NEC, Samsung enter nascent Net PC market

NEC and Samsung release Intel-based Net PCs in Asia, despite the reluctance of many PC makers in the United States to do so.

NEC and Samsung Electronics have released Net PCs based on an Intel architecture in Asia, despite the reluctance of many PC makers in the United States to do so.

Samsung will market in November a Net PC called Magic Station Net, according to a report from the online edition of Nikkei Business Publications, which cites a report in the South Korea?s Maeil Business Newspaper.

Also, NEC, the largest PC vendor in Japan, has released its first Net PC, as the company shifts its PCs from an aging, quasi-proprietary architecture to a pure Windows-Intel design.

Net PCs are marketed as low-cost, stripped-down corporate PCs that can be managed remotely by server computers in order to save on maintenance costs.

Samsung?s Net PC, which comes in a compact package much smaller than standard desktops, will use the Windows operating system and support Java applications. The new product also packs a Pentium MMX processor running at 166 MHz, 16MB of memory, and audio and network cards. It will be priced at $1,100.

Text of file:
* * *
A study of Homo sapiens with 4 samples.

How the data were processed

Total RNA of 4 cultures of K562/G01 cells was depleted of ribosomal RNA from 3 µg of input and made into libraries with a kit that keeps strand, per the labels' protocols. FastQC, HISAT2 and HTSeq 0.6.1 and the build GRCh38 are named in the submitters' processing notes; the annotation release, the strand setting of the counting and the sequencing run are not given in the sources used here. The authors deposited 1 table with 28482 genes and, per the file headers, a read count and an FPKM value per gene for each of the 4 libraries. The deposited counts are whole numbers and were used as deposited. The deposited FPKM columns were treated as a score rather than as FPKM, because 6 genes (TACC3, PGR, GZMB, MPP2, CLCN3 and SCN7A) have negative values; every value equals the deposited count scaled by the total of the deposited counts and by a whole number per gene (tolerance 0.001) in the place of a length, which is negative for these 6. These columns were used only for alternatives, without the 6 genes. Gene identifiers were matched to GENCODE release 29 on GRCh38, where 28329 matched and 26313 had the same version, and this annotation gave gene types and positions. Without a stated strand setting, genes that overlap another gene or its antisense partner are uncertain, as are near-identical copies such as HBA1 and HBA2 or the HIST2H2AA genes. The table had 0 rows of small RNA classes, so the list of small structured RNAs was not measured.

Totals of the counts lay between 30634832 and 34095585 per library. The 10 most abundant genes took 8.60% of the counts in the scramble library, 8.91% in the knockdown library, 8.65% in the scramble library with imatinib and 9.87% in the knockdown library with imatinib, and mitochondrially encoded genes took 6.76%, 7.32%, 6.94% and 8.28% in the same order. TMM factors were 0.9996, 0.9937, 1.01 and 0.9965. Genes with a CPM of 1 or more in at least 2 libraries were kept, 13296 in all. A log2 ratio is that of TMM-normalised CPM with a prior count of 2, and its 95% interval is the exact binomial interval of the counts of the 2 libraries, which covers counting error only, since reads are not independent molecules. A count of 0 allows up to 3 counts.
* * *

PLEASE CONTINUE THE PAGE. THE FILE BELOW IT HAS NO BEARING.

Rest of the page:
Last week, NEC began sales of the PC98-NX series of Windows-Intel standard personal computers and also rolled out two lines of Net PCs, the Net FineNX and FineNX. The latter come with a liquid crystal display (LCD) monitor.

Ironically, many U.S. PC vendors have been reluctant to sell Net PCs. Compaq is one of the few to introduce a Net PC based on the guidelines spelled out by Intel,Microsoft, and Compaq.

About the author

Brooke Crothers writes about mobile computer systems, including laptops, tablets, smartphones: how they define the computing experience and the hardware that makes them tick. He has served as an editor at large at CNET News and a contributing reporter to The New York Times' Bits and Technology sections. His interest in things small began when living in Tokyo in a very small apartment for a very long time.